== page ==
How learning the guitar has made me a better French teacher

Who dares to teach must never cease to learn John Cotton Dana

It has nearly been a year since I started learning the guitar and it has been a wonderful experience on so many different levels. And yes, I have made some pretty basic mistakes along the way. The main one being trying to learn on a cheap acoustic guitar. I now know that a poor quality instrument will lead to frustration and very sore fingers. Thankfully, my progress has improved greatly because I bought a better guitar.

So, how has playing this instrument made me a better MFL teacher? Firstly, the guitar is the first thing I pick up after school and it helps me to de-stress. Being able to do something non-teaching related helps me to recharge the batteries for the next day. When I practise, I analyse fingers movements etc and what seems so simple will take hours of dedicated practice. This makes me think about how I teach languages to students. Nowadays, I always spend a little bit of time in lessons going over words like “je” “j’ai” “le” “une” “a” “est” etc I have noticed that students do find the constant revision of these words useful.

I am very fortunate to have found an excellent guitar teacher and during our hour-long lesson, I’ve noticed how much new learning I can cope with before I want to stop. Generally, I can cope with 15 minutes practise of a difficult skill before I need to stop. The feeling I get is “I’ve had enough now, let’s do something I am quite good at” Then with my teacher, we practise something which needs refining but is less challenging. Basically, I like getting things reasonably correct. Also, I enjoy the sound that I am producing. I love it when I have mastered a chord change which has taken many hours of practise and I enjoy getting it right.  The skill which is a challenge will be practise later by myself over the coming weeks.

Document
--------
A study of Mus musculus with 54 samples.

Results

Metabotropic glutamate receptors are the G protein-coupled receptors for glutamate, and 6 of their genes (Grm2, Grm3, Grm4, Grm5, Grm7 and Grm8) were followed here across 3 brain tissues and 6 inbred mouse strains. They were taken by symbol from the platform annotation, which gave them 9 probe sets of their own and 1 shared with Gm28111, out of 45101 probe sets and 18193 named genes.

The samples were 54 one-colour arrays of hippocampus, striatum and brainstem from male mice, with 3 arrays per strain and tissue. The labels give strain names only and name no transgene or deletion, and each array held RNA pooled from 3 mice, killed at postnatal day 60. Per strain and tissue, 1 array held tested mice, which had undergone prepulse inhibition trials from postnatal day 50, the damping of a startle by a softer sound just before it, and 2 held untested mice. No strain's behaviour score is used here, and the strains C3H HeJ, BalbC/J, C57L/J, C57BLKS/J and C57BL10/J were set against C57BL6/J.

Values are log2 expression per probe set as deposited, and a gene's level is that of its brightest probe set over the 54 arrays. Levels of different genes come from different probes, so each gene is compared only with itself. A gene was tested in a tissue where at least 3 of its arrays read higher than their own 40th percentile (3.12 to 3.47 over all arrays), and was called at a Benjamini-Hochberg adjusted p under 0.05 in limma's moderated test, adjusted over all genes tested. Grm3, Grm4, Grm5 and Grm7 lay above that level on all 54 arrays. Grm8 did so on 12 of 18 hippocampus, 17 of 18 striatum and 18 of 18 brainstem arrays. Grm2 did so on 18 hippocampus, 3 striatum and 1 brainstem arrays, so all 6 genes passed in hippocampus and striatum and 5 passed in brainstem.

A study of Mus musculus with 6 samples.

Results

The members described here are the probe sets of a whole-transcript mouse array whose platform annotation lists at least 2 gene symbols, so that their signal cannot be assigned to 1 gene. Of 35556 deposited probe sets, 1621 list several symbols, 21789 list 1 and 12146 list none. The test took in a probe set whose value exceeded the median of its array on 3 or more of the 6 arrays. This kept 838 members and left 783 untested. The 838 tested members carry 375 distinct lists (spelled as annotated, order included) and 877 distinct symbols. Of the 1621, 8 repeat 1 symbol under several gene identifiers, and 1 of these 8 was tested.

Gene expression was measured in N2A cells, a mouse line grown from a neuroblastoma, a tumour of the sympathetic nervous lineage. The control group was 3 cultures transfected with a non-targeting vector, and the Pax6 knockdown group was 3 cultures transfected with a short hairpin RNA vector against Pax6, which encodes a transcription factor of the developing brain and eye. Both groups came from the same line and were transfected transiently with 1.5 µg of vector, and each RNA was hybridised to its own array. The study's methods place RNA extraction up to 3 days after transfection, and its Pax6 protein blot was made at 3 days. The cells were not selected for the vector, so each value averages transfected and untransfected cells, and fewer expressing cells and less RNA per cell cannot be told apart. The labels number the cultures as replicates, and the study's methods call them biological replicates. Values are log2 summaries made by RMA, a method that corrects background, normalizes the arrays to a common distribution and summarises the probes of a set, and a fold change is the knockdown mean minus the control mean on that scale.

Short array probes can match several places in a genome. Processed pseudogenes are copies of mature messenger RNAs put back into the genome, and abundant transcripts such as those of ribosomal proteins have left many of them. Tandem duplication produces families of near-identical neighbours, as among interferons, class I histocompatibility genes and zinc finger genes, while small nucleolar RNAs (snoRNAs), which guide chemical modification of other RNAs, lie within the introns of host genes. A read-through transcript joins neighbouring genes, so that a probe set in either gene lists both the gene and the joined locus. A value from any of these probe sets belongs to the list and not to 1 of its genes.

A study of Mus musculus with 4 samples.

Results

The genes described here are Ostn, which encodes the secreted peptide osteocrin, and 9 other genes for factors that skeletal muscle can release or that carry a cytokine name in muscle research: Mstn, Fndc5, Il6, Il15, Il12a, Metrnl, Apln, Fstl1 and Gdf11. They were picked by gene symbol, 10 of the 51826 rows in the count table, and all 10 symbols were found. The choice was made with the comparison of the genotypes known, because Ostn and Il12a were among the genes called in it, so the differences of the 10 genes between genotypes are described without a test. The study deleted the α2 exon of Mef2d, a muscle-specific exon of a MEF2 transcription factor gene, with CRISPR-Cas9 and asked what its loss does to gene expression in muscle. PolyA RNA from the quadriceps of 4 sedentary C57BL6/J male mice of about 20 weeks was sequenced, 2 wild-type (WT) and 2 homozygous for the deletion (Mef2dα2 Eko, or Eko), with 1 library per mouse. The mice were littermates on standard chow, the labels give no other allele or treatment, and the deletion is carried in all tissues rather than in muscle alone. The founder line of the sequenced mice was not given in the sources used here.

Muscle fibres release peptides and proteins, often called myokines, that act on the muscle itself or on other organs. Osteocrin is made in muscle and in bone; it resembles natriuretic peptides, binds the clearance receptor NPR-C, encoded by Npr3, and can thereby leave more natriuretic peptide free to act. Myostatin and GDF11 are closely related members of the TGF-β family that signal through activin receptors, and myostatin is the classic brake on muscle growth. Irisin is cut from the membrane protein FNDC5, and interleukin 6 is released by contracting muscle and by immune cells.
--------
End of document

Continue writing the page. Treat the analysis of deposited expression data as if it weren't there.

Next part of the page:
This is now how I structure my lessons, the first part of the lesson  is a warm up which allows students to reconnect with previous learning. Next, there will be a section of the lesson which is challenging, here students will be forced to think quite hard and will be making mistakes. The latter part of the lesson is consolidating on previous learning from lessons which may have taken place six months previously.Here, I try to help students to refine their skills. Like me, students enjoy getting things right and producing sentences/language quite naturally. The following lesson we go back to the challenging element of the previous lesson and gradually improve. I like to set homework which focuses on areas which students find difficult.

In short, I now dedicate more time in my lessons to deliberate practise than before and it seems to be paying dividends in terms of pupils’ enjoyment and progress.

Now, I am keen to teach myself some music theory and I know that will be an invaluable learning aid in this endeavour.